Millions of workers are predicted to take advantage of the announced enhancements to flexible working requests once these come into force – but what does this mean for employers?
First, we need to understand the driving force behind the change.
Flexible working was first introduced in 2003, albeit a much more limited version of what we see today. 20 years later, employees are still said to be facing certain challenges in seeking flexible working arrangements.
The pandemic, however, accelerated new ways of working and essentially forced the hands of employers to embrace flexible working arrangements as a necessity to keep business going throughout the challenging months that followed. This ‘shift’ in the way we work has highlighted the mutual benefits that can be gained from embracing greater flexibility.
Kevin Hollinrake, Minister for Enterprise, Markets and Small Business in describing the UK Government’s positioning on flexible working, states:
“Not only does flexible working help individuals fit work alongside other commitments – whether it’s the school drop-off, studying or caring for vulnerable friends and family – it’s good business sense too, helping firms to attract more talent, increase retention and improve workforce diversity.
In September 2021, the government announced plans to consult on a series of proposals, with the aim of reforming flexible working legislation. The outcome was announced in December 2022, and this confirmed for the first time, that flexible working would become a day-one right.
The following measures were also announced, and are now set to be adopted into the flexible working legislation:
*ACAS is also proposing to include an appeal process for rejected requests, as a ‘best practice’ measure.
As a result of the proposal receiving Royal Ascent on 14 July 2023, ACAS is also consulting on updating their Code of Practice in respect of flexible working.
Susan Clews, ACAS CEO comments that:
“The updated Code seeks to encourage a more positive approach to flexible working, through a new Foreword to the Code and an emphasis on fostering an environment in which requests are not rejected by default without open-minded consideration and meaningful dialogue.”
It is important to note that no changes will be made to the nine reasons an employer can use to reject a flexible working request, such as the impact on quality and the burden of costs.
Many employers now recognise that offering flexible working is part of the modern way of working, many already offer remote working, part-time hours, flexible leave, and job sharing. However there are still many employers who have not embraced flexible working, and if they want to remain competitive within their sectors, this is not an issue that can be ignored forever. Ahead of the new legislation coming into effect, employers are encouraged to get ahead of the curve and to start thinking about flexible working arrangements now.
A common concern among businesses is that flexible working will have a negative impact on productivity and performance. This is largely down to communication, and the misconception that it may be more difficult to communicate with those who are working flexibly, or remotely. Since the pandemic, IT solutions have risen to the challenge of remote working with a plethora of technologies enabling businesses and co-workers to stay in contact easily. As part of any flexible working policy, it will be important for businesses to examine what tools they will use to ensure that this does not impact them.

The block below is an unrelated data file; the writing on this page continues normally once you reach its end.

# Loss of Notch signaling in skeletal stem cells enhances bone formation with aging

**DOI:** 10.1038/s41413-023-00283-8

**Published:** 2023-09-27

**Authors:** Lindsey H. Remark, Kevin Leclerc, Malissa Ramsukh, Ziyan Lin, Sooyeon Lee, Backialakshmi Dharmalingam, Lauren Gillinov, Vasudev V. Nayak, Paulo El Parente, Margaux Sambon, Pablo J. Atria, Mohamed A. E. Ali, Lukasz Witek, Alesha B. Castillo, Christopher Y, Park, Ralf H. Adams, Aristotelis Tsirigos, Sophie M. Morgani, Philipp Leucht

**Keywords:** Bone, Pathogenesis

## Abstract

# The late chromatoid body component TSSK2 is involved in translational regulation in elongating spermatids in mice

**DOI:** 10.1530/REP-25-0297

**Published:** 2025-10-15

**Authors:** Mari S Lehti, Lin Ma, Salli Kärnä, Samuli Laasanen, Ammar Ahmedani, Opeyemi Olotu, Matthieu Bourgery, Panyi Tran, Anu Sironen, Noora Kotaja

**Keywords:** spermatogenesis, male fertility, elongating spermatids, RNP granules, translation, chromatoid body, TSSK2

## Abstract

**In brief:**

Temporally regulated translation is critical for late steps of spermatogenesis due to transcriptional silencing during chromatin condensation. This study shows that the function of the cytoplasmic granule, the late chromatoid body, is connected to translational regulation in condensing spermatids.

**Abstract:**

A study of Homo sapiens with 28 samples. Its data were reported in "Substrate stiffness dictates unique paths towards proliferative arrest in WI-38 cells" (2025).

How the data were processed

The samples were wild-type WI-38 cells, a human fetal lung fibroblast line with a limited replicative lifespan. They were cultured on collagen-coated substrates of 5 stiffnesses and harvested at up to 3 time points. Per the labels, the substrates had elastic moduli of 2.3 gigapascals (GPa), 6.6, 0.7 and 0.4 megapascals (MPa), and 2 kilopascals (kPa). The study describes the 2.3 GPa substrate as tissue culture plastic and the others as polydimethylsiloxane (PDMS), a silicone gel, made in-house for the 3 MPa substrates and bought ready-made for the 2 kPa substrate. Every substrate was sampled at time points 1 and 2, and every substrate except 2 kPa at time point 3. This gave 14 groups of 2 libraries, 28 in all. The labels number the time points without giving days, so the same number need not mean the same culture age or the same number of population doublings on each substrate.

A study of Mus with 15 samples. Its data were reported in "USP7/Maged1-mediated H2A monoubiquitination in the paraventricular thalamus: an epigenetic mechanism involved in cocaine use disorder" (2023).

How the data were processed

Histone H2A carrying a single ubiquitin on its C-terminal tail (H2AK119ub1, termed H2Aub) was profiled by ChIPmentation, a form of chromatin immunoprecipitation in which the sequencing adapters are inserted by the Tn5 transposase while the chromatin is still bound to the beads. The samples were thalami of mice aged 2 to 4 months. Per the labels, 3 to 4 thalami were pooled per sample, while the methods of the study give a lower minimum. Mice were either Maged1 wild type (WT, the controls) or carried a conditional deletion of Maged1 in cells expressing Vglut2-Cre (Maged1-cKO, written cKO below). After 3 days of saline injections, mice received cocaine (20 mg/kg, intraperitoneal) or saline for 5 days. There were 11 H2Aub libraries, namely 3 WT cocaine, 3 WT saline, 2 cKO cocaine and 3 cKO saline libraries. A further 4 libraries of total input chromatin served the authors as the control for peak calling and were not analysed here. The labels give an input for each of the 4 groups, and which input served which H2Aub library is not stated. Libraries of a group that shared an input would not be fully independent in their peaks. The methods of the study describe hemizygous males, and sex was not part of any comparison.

The positives have been noted time and time again throughout research:
Employees often feel more in control of their work/life balance, providing greater freedom to work around their busy lives. Happier workers often result in increased productivity and reduced levels of sickness absence. 9 out of 10 employees report that flexible working helps them to improve their productivity at work.
It’s a competitive recruitment market out there. Candidates are demanding more flexible working patterns in the modern day, and by providing this, employers will be able to tap into a larger pool of highly skilled workers and will be more likely to retain this talent within their business. Research by Reed has found that jobseekers are increasingly searching for vacancies that offer flexible working options.
It may be possible to downsize business premises as a result of flexible working measures. Smaller offices mean lower overheads and more money to reinvest in other parts of the business.
Flexible working can undoubtedly offer a range of benefits to employers. Research has shown that it enhances recruitment and retention, cuts absence rates, increases staff motivation, increases diversity, and reduces overheads. Despite these proven benefits, we are still experiencing a stigma around flexible working, with some employers believing that flexible workers are less productive, or contribute less than those who don’t work flexibly. Many managers also feel that they will be held back from promotion opportunities as a result of flexible working.
In order to break down these barriers, and prepare for this new, even more flexible way of working, it will be critical for businesses to plan ahead. Effective communication tools, a proactive approach, and open discussions will all go a long way in changing the perceptions of both employers and employees alike. In embracing these changes, businesses look set to reap the benefits of this new way of working.
The new flexible working legislation received Royal Ascent in July 2023 and is set to become law in 2024. It will be critical for employers and management teams to understand the implications of flexible working decisions and how to handle these correctly. Whilst we await the upcoming legislative changes, employers may wish to take steps to ensure that their flexible working policy is ready for these changes.
If we can help you with reviewing your policies please get in touch.